It will be the largest redevelopment of land Oakland will see for a long time to come, and a lot of Oakland's economic future depends on how the old army base is used.
The City Council chose to go with a local developer's plan that emphasizes expanding the /*Port of Oakland*/ and its rail lines, making it the premier import/export hub into Middle America. Mayor Ron Dellums and the city staff were in favor of it.
"And by working with our partners and providing more jobs, more trade opportunities, we can be the port for Middle America, and that will be a boon for the rest of the country," Dellums' spokesperson Paul Rose said.
But Federal Oakland Associates offered a retail and entertainment plan for the 135 acres, with promises of a higher tax base and more jobs.
"The Federal plan generates far more permanent jobs for the city, close to 5,200, compared with the 3,300 under CCGANB," FOA spokesperson David Gazek said.
The Oakland Film Center, made up of 29 companies, already occupies parts of the base. It argued in favor of the retail plan.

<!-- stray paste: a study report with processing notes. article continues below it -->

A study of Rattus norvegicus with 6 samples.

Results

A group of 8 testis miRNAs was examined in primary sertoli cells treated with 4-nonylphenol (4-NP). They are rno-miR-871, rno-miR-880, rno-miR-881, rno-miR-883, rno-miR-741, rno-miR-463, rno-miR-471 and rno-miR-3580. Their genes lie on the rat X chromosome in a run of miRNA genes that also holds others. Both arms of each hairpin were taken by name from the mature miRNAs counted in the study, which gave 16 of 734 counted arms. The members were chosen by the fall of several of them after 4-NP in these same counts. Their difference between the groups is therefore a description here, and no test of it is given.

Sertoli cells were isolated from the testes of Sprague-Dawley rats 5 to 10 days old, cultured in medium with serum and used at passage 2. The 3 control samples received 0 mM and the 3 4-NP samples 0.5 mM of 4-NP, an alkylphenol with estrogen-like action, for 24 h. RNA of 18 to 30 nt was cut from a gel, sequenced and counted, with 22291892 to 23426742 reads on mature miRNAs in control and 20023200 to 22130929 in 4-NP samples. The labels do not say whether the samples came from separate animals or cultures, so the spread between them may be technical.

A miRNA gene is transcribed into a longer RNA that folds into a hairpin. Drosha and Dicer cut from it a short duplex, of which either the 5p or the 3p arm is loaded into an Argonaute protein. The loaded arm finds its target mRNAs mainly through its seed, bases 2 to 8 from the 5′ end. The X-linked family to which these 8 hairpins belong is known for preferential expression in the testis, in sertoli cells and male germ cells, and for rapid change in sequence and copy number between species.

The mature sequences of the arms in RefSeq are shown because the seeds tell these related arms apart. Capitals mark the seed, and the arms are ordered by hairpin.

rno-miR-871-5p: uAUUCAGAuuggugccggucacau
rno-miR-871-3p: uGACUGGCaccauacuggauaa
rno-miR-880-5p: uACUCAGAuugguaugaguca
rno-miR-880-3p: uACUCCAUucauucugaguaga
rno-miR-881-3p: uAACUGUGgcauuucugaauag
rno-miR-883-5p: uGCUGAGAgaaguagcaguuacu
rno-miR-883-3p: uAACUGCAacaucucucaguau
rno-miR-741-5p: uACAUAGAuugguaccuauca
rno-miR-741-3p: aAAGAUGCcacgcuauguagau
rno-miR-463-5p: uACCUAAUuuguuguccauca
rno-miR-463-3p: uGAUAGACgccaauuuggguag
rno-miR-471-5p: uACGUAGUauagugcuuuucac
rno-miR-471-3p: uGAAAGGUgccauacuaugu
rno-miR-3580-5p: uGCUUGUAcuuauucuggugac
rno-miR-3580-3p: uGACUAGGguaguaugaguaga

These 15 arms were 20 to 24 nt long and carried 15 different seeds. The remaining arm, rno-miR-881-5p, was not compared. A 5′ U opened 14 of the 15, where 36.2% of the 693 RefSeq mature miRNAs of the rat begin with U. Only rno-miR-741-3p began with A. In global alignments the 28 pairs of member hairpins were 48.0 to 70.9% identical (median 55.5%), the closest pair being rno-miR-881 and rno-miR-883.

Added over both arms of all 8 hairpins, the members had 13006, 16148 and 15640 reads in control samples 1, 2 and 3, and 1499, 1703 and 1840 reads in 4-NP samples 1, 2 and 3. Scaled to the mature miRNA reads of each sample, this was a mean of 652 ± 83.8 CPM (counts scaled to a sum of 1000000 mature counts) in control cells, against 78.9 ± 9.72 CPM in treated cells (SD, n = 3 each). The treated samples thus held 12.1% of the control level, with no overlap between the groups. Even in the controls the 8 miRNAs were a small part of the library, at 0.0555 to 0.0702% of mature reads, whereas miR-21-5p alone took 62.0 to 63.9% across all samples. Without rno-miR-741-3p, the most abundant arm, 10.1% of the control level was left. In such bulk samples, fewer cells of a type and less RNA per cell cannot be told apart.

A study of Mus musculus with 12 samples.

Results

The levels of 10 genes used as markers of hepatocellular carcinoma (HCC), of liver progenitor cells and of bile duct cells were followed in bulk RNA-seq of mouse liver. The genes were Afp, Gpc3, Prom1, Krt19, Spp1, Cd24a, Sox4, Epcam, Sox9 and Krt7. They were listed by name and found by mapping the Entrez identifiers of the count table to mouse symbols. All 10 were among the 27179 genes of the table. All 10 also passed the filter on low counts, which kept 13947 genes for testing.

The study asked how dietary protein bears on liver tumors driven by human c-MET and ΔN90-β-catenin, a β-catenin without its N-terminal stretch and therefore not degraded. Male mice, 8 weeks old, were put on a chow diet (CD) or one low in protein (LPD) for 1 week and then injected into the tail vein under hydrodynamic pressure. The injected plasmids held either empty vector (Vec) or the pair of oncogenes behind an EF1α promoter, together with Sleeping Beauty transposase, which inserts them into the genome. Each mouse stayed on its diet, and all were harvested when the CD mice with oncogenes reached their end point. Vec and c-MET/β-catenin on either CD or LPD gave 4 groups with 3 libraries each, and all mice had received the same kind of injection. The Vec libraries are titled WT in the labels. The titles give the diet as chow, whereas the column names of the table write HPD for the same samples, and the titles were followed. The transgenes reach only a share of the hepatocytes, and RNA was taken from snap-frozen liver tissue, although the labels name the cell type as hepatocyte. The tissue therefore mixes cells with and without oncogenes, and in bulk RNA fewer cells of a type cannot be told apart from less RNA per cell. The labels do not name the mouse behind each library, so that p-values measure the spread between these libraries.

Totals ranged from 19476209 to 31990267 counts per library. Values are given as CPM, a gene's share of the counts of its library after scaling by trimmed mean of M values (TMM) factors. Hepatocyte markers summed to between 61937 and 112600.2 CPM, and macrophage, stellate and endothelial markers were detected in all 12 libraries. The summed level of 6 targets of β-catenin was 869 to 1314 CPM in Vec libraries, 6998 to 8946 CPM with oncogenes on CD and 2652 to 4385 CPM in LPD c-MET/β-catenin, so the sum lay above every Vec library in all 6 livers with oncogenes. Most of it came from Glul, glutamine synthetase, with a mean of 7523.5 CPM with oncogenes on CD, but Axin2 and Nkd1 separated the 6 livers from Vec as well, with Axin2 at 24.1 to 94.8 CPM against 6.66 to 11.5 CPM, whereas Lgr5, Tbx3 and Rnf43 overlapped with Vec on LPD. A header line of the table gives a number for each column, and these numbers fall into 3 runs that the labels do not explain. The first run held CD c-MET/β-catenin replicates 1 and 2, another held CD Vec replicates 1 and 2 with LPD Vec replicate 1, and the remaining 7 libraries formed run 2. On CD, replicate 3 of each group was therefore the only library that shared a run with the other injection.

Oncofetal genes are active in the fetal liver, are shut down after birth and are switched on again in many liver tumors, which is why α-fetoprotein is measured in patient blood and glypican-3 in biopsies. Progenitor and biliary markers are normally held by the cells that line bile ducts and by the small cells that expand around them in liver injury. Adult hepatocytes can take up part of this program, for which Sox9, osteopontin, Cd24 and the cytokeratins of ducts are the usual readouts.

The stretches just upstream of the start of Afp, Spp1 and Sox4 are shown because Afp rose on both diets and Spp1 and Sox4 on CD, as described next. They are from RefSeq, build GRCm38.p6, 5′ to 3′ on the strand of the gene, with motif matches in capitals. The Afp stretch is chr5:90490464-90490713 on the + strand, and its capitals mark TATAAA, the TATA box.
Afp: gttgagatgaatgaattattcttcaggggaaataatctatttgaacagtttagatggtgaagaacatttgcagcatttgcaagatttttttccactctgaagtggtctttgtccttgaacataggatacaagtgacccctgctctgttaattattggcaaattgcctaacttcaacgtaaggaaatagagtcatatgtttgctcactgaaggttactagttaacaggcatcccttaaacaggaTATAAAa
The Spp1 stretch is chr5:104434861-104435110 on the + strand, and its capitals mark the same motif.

"This is about a basic instinct for these business owners, that of survival," film center spokesperson Sean House said.
But Council Member Jean Quan pointed out ever increasing competition from foreign ports, and now Oakland has a chance to become a leader.
"We're at a period where China is going to want more of our food and buy some of our products and the amp plan is geared toward that," Quan said.
Tuesday's decision is not the end all be all; council members stressed they can still modify the plan, but the future of Oakland is headed toward a stronger port.